David Sanger has a very interesting article in Saturday’s New York Times, reporting that the United States has decided to retaliate against China for the hacking of the Office of Personnel Management. According to Sanger, how the United States will respond is still a matter of debate. The White House is uncertain whether the response will be symbolic or something more substantial; whether it will be public, known only to the Chinese, or secret; and whether it will happen soon or sometime in the future.
Over at Lawfare, Jack Goldsmith argues that the White House’s inability to craft a response highlights the challenges of deterring an adversary through counterstrikes, and that deterrence through resilience and defense may be a better option.
I am going to pick up on one of the policy responses mentioned in the article, what Sanger calls "one of the most innovative actions" discussed in the U.S. intelligence agencies: finding a way to breach the Great Firewall so as to demonstrate to the Chinese leadership that the thing they value most—"keeping absolute control over the country’s dialogue"—could be at risk.
First, a quibble. I am not sure that the idea of attacking the Great Firewall is innovative. I have heard it raised at conferences and other discussions since at least 2010. It may have also happened before. The drop of the Shanghai stock market by 64.89 points on the 23rd anniversary of the Tiananmen massacre (which occurred on June 4, 1989, or 6/4/89) may have been a weird coincidence, or the type of innovative policy Sanger is describing—an effort to show the Chinese leadership that their control was vulnerable.
Even if this is an old idea that is seeing new light, it is hard to see how it would deter future Chinese attacks, if only because Beijing appears to believe that the United States is already using the Internet to undermine domestic stability and regime legitimacy. As an article in PLA Daily put it in May (translation by Rogier Creemers):
Cybersovereignty symbolized national sovereignty. The online space is also the security space of a nation. If we do not occupy the online battlefield ourselves, others will occupy it; if we do not defend online territory ourselves, sovereignty will be lost, and it may even become a “bridgehead” for hostile forces to erode and disintegrate us.
Sanger’s article does not get into details, but there are at least three types of attacks that could be considered: hacks that expose information embarrassing to the leadership; allow Chinese users access to blocked websites outside of China; and lessen or dismantle controls on information within China. Beijing is likely to believe that Washington is already engaging in the first two types of attacks. A hack that exposes corruption or offshore bank accounts, for example, will not be seen as any less a hostile act than the New York Times’ reporting on the hidden wealth of former prime minister Wen Jiabao’s family or Bloomberg’s on the assets of Xi Jinping’s family. In addition, the State Department has spent over $100 million to help develop anti-censorship technology and train online activists, and some of that funding has gone to groups trying to give Chinese users tools to jump over the Great Firewall. Given this perception, counterattacks may not look like tit-for-tat retaliation for the OPM hack but instead as part of ongoing battle in and over cyberspace. In the best case scenario, the Chinese would simply react with more hacking of U.S. targets.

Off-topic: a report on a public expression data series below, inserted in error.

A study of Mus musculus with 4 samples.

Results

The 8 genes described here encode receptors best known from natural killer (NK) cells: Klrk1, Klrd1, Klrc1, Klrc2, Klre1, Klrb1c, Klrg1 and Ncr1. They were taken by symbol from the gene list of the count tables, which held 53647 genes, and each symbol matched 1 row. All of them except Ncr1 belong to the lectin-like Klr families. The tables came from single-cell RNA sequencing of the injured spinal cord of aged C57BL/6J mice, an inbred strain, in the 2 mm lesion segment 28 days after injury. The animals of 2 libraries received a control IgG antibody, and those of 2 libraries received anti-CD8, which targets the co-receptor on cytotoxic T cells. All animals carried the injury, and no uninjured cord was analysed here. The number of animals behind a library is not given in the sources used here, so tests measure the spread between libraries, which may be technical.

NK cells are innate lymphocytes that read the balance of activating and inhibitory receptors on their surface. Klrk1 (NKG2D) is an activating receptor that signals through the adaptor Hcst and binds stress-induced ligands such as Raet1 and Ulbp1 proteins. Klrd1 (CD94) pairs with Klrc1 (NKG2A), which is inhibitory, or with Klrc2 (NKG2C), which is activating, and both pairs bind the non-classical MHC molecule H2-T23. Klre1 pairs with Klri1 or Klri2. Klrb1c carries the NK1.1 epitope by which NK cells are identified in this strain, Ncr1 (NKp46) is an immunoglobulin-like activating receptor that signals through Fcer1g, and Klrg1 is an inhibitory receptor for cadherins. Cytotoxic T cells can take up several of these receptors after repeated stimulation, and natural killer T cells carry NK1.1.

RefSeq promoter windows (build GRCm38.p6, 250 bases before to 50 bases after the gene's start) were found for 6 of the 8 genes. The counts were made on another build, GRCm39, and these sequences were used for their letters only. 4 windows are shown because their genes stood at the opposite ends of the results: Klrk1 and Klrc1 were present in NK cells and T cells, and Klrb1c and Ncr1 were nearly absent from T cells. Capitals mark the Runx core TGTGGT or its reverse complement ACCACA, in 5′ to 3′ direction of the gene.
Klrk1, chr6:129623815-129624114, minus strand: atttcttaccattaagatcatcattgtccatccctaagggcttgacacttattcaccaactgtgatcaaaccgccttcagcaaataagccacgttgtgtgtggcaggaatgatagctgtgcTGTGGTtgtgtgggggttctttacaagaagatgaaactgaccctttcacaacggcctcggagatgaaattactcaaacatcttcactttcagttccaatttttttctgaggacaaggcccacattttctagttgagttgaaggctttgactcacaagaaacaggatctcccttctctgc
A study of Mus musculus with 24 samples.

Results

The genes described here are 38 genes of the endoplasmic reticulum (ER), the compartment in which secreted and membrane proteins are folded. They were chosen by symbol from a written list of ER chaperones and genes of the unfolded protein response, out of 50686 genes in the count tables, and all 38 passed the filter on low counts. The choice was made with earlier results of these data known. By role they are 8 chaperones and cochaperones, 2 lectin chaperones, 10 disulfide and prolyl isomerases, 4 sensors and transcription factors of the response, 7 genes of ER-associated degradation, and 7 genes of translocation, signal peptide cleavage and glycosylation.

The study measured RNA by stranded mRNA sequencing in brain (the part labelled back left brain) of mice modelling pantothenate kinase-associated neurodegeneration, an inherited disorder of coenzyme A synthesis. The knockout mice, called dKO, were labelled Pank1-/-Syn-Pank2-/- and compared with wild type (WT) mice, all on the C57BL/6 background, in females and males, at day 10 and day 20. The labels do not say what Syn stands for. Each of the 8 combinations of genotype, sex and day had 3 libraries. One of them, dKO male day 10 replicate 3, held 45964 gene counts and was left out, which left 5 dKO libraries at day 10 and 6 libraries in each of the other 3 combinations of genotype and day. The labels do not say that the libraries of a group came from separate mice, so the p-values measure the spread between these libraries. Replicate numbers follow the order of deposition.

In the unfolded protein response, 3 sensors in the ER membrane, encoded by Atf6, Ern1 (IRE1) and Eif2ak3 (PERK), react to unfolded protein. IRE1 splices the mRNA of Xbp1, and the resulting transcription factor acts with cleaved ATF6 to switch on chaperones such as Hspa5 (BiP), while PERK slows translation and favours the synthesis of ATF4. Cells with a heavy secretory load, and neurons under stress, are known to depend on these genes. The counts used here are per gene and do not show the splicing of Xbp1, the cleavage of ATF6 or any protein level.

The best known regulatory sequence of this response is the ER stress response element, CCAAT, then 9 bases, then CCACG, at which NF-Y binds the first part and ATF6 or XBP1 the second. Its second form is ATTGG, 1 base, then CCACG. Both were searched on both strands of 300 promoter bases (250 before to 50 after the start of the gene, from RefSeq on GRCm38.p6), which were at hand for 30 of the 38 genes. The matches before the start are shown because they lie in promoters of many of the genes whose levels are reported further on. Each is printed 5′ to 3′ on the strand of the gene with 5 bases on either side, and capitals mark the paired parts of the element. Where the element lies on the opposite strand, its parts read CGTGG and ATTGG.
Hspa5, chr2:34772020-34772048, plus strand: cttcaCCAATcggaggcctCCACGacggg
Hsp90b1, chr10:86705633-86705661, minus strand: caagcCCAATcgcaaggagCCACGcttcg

In the worst case scenario, attacks directed at the Great Firewall risk significant escalation. Despite the White House’s framing of Chinese cyberattacks as a threat to the U.S. economy and the bilateral relationship, Beijing has probably discounted the importance of the issue to the United States. China’s leadership probably calculates that Washington does not want to scuttle Beijing’s cooperation on a range of global issues over cybersecurity. They also view the United States as the predominant power in cyberspace, willing to use claims of Chinese hacking as a precursor to and justification for more cyberattacks on others. Beijing would likely view the types of responses being debated by U.S. intelligence agencies as disproportionate to the OPM hack, and deem them new threats to national security that call for a Chinese response.
This is not argue that the United States should not retaliate for Chinese state-sponsored cyberattacks. Rather, it suggests trying to keep the responses as proportionate as possible—economic sanctions for the cyber-enabled theft of intellectual property; counterintelligence operations for political and military espionage—and, perhaps most importantly, improving defenses and making it much harder for an attacker to breach U.S. networks.